Forgive me for using a title that sounds like a get-rich-quick pitch. “And if you act now I’ll throw in TWO copies of my book for the same price as THREE!” Which would be a terrible deal for you, by the way, but that’s not the point.
You’ve probably read a thousand business articles by now, and they’re all trying to accomplish the same thing – helping you make more money, and/or helping you enjoy what you do. That’s really all any of us are after, and there are a trillion ways to go about it. But I want to try and simplify it as much as possible so that you can do as much of either as you have the ability to.
On the one hand, there’s the ‘make more money’ approach, and for this I’m going to paraphrase the main idea behind “The 4-Hour Workweek,” which is a misleading title by the way because I know it took him more than four hours a week to write that book. Anyway, very basically the premise is this – you make money. That money can be expressed in terms of an hourly wage. (So, for example, if you earn $60,000 a year, your hourly wage is around $30/hr.) If you can find somebody else to do some work for you at less than your hourly wage, you will be freed up to concentrate more of your time on the elements of your business that bring in the most profit – attracting new customers, thinking up new products, finding new business partnerships, whatever. This is the basic premise that governs the hiring of new employees, who are supposed to bring in more money than they cost to hire. Generally they don’t accomplish this by actually earning that money themselves; rather, they take over the responsibility of handling necessary but unprofitable tasks so that more-experienced people can spend more of their time doing the things that will increase your revenue.
However, the other thing these people can do is buy you more time. This is the premise behind hiring a housekeeper – sure, you could clean your own house by yourself, but you’d rather have those couple hours heli-skiing or giraffe breeding or whatever it is you would rather be doing. This is also the golden promise of technology, that new products will accomplish the same amount of work in less time, freeing you up to do more of the things that you want to do.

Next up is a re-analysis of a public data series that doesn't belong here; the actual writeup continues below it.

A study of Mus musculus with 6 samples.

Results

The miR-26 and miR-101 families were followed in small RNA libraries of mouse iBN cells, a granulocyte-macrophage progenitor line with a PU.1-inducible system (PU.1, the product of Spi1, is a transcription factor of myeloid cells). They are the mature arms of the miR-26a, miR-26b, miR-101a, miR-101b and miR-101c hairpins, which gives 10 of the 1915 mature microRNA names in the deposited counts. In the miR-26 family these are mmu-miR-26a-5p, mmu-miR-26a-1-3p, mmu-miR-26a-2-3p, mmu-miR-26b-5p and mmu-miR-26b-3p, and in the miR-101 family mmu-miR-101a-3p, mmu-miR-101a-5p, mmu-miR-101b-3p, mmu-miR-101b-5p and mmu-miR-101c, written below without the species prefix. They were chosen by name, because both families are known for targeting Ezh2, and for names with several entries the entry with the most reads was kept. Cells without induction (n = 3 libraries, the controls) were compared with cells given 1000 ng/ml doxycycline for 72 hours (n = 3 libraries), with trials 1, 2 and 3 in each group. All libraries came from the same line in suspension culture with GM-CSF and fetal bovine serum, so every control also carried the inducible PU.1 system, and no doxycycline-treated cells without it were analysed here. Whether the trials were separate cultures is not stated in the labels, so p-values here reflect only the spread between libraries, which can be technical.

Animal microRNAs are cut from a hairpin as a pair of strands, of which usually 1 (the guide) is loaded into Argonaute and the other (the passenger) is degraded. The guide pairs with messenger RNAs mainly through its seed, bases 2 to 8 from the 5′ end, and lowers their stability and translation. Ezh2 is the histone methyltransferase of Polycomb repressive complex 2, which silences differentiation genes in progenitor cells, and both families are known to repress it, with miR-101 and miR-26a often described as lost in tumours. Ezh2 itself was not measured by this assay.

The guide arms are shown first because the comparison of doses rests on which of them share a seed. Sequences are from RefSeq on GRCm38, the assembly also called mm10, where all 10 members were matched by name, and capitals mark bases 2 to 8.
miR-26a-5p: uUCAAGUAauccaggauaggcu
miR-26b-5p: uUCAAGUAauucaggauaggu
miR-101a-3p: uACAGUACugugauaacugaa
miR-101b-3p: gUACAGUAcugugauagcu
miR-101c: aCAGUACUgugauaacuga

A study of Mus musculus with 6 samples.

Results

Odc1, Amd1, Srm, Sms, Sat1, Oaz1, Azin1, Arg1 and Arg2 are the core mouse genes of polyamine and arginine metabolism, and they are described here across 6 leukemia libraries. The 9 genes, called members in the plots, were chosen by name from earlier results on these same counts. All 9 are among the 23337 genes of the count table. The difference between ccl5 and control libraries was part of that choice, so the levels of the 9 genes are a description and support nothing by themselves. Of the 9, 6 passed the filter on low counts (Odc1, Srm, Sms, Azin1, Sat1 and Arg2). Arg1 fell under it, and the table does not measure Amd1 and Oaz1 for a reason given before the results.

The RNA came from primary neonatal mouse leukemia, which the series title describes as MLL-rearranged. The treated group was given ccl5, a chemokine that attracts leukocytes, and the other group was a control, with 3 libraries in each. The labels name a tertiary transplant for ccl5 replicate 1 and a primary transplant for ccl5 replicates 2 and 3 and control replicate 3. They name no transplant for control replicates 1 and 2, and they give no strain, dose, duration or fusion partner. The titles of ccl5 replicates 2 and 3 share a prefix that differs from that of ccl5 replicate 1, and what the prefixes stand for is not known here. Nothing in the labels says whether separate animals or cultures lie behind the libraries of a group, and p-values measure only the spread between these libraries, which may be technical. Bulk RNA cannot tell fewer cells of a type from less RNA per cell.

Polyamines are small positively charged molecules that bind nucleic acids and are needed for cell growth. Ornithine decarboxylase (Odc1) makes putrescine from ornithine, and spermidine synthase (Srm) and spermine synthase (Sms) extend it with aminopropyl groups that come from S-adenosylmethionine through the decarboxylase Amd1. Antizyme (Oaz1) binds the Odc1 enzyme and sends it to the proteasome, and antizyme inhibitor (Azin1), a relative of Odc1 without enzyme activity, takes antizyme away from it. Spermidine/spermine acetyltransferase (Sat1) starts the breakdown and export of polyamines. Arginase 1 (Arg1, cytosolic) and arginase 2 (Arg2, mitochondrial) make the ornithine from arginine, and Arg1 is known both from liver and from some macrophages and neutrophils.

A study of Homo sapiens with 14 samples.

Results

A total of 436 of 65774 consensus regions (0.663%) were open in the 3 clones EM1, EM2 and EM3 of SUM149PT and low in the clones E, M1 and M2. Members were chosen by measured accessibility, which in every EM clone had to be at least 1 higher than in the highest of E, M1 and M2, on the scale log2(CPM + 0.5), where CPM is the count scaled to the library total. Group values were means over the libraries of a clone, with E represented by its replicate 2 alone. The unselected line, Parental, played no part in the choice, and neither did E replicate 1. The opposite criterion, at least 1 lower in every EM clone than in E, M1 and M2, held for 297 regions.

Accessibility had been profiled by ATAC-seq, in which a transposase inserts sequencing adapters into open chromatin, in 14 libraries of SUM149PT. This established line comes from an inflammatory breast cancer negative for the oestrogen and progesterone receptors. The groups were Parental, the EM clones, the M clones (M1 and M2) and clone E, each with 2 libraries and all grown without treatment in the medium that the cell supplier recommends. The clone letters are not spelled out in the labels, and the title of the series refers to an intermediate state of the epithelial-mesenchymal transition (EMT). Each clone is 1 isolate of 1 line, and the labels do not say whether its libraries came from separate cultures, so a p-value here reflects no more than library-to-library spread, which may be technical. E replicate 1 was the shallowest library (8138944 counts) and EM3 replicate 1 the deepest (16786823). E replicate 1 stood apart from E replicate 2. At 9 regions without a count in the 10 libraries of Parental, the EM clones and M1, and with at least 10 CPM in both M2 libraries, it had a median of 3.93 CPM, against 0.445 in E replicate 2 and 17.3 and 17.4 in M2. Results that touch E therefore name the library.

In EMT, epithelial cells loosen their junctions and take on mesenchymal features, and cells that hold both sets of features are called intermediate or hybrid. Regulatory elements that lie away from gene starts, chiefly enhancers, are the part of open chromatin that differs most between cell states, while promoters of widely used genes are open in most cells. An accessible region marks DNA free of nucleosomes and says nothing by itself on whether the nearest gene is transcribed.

Now in the perfect 4-Hour Workweek world, you’ll do both of these at once. Whatever extra money your business generates will simultaneously help you earn more money (by freeing you up to do the things that generate more revenue) and provide you with more leisure time (by allowing you to buy your way out of doing crappy chores). Occasionally you do see this in action – the franchisee who owns 23 Taco Bells and spends all her time yachting while hard-working store managers and employees write her checks every month. Ah, the American Dream – to get rich by doing nothing!
However, for most of us, this isn’t realistic. Far more often, we have to choose what to do with our extra time – do we use it to earn more money, or should we just watch the waves instead?
We have a model for the second approach, and it’s called retirement. That’s when you get to do whatever you want whenever you want – read, garden, travel, volunteer, knit, re-enact Revolutionary battles, whatever – because you just don’t care anymore about earning more money. A lot of people like this, although many retired people seem to be unbelievably bored.
And at the other end of the spectrum is growth at all costs, where every free moment is devoted to building an even greater, more awe-inspiring enterprise. A lot of people like this one, too, which is why we have gigantic companies and hot-shot billionaries. But some of these people are patently miserable and alarmingly unhealthy.
So how can you know what to do with your surplus income? That depends entirely on where you fall on the spectrum. So maybe ask yourself the following:
How much money do you actually need in order to live the life you genuinely want?
How much do you really want to work – and what do you want that work to be?
For many of us, the answers to these questions change with time, and that in turn will govern how we spend our resources at any given moment. The only real danger – and it is a trap that people fall into far too commonly – is not asking these questions at all.